Nightmares Possibly Linked to Lupus, Study Finds


Scientists over the years have reached some concerning conclusions when it comes to nightmares and our health. Studies have potentially linked bad dreams to a bevy of health problems that eventually arise, and a new report adds another issue to that list. 

A study just published in The Lancet journal highlights the latest findings. For years, many people have reported that dreams and the brain’s immune system are somehow intertwined, and the study gives some possible scientific backing to that claim. In an online survey of 676 people living with lupus (formally known as systemic lupus erythematosus, or SLE), roughly a third of patients said they experienced disrupted dreams in the year before other lupus symptoms emerged. 

“We have long been aware that alterations in dreaming may signify changes in physical, neurological and mental health, and can sometimes be early indicators of disease. However, this is the first evidence that nightmares may also help us monitor such a serious autoimmune condition like lupus, and is an important prompt to patients and clinicians alike that sleep symptoms may tell us about impending relapse,” study co-author Guy Leschziner said in a statement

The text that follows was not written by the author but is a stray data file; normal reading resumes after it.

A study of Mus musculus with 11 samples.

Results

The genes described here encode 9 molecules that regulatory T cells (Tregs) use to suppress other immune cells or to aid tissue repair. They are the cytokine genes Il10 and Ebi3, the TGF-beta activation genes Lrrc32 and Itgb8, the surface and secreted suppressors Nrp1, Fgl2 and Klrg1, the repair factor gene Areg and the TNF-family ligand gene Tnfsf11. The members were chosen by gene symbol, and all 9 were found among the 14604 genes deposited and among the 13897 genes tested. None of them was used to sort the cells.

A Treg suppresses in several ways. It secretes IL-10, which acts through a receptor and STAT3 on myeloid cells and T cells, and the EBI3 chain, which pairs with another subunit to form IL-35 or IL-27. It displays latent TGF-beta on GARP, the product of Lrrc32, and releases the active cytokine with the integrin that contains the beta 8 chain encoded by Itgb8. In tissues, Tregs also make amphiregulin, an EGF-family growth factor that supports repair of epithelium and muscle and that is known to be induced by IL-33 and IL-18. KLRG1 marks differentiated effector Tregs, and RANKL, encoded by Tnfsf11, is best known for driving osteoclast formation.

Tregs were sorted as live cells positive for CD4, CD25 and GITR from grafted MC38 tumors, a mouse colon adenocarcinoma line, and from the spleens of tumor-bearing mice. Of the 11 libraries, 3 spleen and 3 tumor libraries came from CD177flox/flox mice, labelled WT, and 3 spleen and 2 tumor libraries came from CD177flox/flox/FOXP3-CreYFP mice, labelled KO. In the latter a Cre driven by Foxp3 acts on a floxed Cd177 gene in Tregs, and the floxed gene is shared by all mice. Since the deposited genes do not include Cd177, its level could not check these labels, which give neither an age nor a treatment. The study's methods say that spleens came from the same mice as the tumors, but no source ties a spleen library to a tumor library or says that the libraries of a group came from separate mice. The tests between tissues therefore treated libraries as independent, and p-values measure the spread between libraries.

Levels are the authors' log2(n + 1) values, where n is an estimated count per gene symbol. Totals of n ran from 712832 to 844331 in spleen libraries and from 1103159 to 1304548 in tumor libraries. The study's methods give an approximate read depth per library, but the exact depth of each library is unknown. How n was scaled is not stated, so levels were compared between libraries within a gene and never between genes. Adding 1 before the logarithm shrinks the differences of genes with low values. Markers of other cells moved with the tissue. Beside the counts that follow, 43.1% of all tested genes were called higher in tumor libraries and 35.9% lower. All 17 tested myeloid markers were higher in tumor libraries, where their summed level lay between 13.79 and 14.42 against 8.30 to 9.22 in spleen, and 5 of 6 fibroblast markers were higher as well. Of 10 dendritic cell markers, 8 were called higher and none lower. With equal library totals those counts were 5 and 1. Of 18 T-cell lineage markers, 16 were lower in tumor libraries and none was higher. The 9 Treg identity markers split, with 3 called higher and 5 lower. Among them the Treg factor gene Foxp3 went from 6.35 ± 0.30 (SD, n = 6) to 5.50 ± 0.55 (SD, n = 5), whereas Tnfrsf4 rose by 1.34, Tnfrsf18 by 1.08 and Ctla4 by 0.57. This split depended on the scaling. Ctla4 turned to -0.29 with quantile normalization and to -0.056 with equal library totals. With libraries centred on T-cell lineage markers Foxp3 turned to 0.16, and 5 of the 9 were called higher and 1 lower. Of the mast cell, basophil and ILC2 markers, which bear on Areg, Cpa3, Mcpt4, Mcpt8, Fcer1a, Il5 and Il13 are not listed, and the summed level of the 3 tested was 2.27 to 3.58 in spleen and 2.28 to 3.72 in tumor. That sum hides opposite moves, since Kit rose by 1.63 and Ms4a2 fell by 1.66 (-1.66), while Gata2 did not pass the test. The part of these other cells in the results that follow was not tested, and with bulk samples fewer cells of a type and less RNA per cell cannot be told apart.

Lupus is the latest to join a list of ailments that might have a possible connection to bad dreams. A 2022 study found that many who go on to develop Parkinson’s disease—which has been suggested to be caused by autoimmune issues—are plagued with nightmares for up to a decade before diagnosis. Similarly, nightmares are potential predictors of dementia, which also has been found to have a connection to the immune system. Multiple sclerosis patients have also reported having bad dreams before a flare-up. 

Study co-author David D’Cruz noted that the trend of nightmares and so-called “daymares” among lupus patients was something he himself observed in his own work. 

“For many years, I have discussed nightmares with my lupus patients and thought that there was a link with their disease activity,” D’Cruz said. “This research provides evidence of this, and we are strongly encouraging more doctors to ask about nightmares and other neuropsychiatric symptoms.”

Study lead author Dr. Melanie Sloan emphasized how crucial it is for medical professionals to explain these possible connections with their patients. 

“It’s important that clinicians talk to their patients about these types of symptoms and spend time writing down each patient’s individual progression of symptoms,” she said. “Patients often know which symptoms are a bad sign that their disease is about to flare, but both patients and doctors can be reluctant to discuss mental health and neurological symptoms, particularly if they don’t realize that these can be a part of autoimmune diseases.”